Bringing an ad campaign after a gap of four years, Godrej's soap brand Cinthol has moved from 24-hour confidence to the recent 'Alive is Awesome'. The brand has always positioned itself in the realm of freshness and depicted machismo. In the current television commercial, however, it appears determined to get into the youth zone with waterfalls, elephant sprinkles and water ponds on the North Pole.
In 1991, Cinthol re-visited its macho image through a film that featured Milind Soman. Later, around 1993-94, the brand brought the celebrity couple Shahrukh and Gauri Khan on board to promote its lime-based variant with the positioning, 'Susti mitaye, Chusti lautaye'. This ad film depicted how a bath with Cinthol refreshed the otherwise-tired film star.
To further promote this lime variant, the brand brought in a family-centric Tan Taazaa campaign with the tagline, 'The Slice of Lime'. The Hrithik Roshan-starrer 'Don't Stop' campaign with '24-hour confidence' tagline was launched in 2008.
All through these campaigns, the brand has maintained a positioning that highlighted machismo.
The current campaign tries hard to push the brand into the youth space. Created by Creativeland Asia, the TVC depicts a few youngsters enjoying the product at various water bodies, highlighting the new tagline, 'Alive is Awesome'.
Cinthol claims that the new strategy has three objectives, including a connect to a younger TG (target group), entry into the premium segment of the personal grooming category and delivery of a product experience that makes one feel alive.
Thus, the insight behind the campaign was to generate a whole new idea with the 'Alive is Awesome' tagline. The creative team received a brief to bring alive Cinthol and make it relevant to the new Indian mindset of living a more adventurous and experience-led life.
Kurup adds, "We were asked to transition Cinthol from a popular segment brand to a premium segment brand. With a brand like Cinthol that has amazing heritage, it's important to leverage its reach and stature and create something that can 'contemporise' the thinking."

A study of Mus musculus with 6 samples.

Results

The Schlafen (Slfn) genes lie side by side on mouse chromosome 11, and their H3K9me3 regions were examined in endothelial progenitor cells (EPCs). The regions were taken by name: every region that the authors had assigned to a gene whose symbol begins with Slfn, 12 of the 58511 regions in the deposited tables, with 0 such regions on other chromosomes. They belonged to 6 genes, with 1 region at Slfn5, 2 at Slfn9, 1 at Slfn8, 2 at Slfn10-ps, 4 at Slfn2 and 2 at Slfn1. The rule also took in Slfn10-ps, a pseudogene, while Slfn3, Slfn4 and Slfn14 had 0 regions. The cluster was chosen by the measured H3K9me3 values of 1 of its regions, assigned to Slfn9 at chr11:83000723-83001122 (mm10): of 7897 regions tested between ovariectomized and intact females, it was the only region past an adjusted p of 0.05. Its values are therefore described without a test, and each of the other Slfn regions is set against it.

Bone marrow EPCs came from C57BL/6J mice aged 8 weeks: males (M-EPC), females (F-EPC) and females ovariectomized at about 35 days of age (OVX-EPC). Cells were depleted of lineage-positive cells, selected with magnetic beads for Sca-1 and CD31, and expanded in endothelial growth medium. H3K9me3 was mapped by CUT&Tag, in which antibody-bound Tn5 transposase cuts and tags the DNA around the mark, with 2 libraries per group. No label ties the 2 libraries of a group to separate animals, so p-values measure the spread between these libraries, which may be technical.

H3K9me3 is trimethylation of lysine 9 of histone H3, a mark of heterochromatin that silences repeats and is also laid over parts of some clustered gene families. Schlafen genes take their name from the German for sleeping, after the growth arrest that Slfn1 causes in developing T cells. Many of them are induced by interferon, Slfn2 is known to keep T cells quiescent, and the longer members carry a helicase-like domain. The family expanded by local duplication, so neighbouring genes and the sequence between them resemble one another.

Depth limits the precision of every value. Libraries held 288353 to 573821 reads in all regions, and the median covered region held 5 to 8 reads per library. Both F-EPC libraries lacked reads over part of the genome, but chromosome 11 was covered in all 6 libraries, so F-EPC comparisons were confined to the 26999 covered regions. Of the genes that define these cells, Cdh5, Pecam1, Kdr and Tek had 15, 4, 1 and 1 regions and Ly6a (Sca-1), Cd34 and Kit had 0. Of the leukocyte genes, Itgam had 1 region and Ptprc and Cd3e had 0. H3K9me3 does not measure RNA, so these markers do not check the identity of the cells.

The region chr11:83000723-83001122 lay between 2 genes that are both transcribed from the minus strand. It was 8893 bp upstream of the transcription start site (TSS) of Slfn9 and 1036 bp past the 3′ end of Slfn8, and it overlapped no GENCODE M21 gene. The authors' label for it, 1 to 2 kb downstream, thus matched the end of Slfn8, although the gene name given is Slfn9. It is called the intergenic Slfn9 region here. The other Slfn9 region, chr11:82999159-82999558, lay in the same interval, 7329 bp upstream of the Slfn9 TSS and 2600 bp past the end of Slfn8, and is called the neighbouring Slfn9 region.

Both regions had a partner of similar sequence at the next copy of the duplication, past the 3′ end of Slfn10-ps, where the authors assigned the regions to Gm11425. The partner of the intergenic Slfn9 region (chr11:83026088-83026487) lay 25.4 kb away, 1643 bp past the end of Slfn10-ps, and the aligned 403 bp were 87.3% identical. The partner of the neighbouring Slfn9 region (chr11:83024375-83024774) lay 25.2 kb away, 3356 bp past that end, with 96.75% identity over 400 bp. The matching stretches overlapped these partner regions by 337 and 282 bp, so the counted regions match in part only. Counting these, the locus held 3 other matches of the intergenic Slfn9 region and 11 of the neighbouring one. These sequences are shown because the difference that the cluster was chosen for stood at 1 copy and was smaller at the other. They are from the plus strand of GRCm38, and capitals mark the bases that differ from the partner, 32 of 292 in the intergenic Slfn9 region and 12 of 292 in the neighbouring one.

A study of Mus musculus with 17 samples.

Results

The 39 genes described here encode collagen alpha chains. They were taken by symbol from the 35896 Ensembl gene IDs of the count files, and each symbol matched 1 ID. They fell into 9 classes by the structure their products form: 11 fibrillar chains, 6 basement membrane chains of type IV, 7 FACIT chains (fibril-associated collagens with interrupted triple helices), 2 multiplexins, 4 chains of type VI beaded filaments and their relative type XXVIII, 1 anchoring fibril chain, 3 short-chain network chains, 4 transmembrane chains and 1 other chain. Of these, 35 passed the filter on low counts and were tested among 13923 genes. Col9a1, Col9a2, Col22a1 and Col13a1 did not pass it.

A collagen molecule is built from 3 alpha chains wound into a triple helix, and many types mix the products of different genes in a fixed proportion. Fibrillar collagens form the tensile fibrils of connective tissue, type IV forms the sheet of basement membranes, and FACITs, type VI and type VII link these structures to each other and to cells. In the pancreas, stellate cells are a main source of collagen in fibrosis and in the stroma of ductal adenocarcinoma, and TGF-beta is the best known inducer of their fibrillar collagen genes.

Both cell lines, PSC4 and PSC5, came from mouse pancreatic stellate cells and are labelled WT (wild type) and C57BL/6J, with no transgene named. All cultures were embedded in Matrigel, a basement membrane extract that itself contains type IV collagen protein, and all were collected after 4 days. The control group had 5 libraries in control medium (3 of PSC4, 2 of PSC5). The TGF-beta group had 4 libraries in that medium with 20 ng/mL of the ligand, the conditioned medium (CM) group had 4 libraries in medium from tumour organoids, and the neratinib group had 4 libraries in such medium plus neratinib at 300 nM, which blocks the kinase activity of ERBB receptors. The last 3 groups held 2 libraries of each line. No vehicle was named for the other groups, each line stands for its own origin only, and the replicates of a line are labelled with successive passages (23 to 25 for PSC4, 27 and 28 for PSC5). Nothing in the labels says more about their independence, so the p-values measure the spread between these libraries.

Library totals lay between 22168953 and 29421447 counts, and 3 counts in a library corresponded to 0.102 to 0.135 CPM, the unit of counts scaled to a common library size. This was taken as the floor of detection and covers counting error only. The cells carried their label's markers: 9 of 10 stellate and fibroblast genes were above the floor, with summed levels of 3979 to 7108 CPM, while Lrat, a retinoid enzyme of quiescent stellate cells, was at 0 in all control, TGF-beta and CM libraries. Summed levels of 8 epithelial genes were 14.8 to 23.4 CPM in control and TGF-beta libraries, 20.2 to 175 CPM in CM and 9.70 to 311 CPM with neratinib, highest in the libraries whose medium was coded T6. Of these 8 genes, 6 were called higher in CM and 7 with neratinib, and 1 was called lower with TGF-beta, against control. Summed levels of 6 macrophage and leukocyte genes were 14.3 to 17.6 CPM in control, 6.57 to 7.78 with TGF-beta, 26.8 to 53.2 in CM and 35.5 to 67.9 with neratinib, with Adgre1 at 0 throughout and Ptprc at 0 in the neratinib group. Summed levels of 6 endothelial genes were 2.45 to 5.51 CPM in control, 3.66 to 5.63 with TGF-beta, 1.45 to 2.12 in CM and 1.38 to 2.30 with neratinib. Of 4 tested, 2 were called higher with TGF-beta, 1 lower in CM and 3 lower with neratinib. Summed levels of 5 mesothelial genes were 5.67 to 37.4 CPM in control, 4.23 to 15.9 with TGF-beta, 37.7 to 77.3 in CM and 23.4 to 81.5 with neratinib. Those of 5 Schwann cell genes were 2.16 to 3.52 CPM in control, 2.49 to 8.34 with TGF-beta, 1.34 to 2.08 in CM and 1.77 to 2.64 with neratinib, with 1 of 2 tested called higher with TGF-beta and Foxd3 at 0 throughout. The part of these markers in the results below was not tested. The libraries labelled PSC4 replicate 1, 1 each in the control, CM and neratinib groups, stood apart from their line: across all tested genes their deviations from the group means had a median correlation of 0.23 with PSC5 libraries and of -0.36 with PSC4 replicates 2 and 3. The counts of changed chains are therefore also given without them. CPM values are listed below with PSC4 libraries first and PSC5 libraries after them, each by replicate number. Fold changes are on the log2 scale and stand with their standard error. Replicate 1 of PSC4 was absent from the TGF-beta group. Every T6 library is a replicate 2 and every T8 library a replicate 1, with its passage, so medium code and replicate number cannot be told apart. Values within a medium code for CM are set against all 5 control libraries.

Addressing the change in the positioning of the brand from freshness to youthful, Sunil Kataria, head, sales and marketing, Godrej Consumer Products, says, "Cinthol is still associated with 'Freshness', the entire product range offers premium fresh fragrances. We have built a distinct design identity for the brand which is a reflection of its positioning, 'Alive is Awesome'."
The brand has also revamped the product range and the packaging of Cinthol, making it look more premium and "alive". "The new campaign aims to target the 'youthful explorer' that exists in all of us. "We wanted to communicate this fresh personality of the brand with a proposition," adds Kataria.
Given that today most brands, across product categories, seem to be wooing the youth, isn't Cinthol foraying into an already cluttered space? Kataria responds, "This is a more psychographic definition of youth." He claims the TG comprises all those who are 'young at heart'.
The industry feels that though the brand is making an attempt to evolve, the TVC doesn't have too many 'firsts'.
Dabas, however, feels that the campaign is a good 're-launch' for Cinthol. "I like 'Alive is Awesome' though I am not sure if they needed to sing it out, especially in the Hindi version where 'awesome' doesn't sound that awesome. That, along with some of the soap usage shots, risk looking a little forced but the way it is sung breaks the clutter and registers with the audience. Another good thing is that it still remains an out and out bathing story," he adds.
Shivanand Mohanty, creative partner, From Here on Communications, says, "The brand itself is trying to evolve, with new identity, packaging and variants. However, the concept of freshness as depicted here uses familiar elements."
Mohanty feels that all the elements executed in the ad have been seen before. He adds, "The new execution certainly has a sense of scale. The Liril girl has already done waterfalls and Iceland. But if they are targeting the youth, maybe the youth don't care. It's just soap, right?"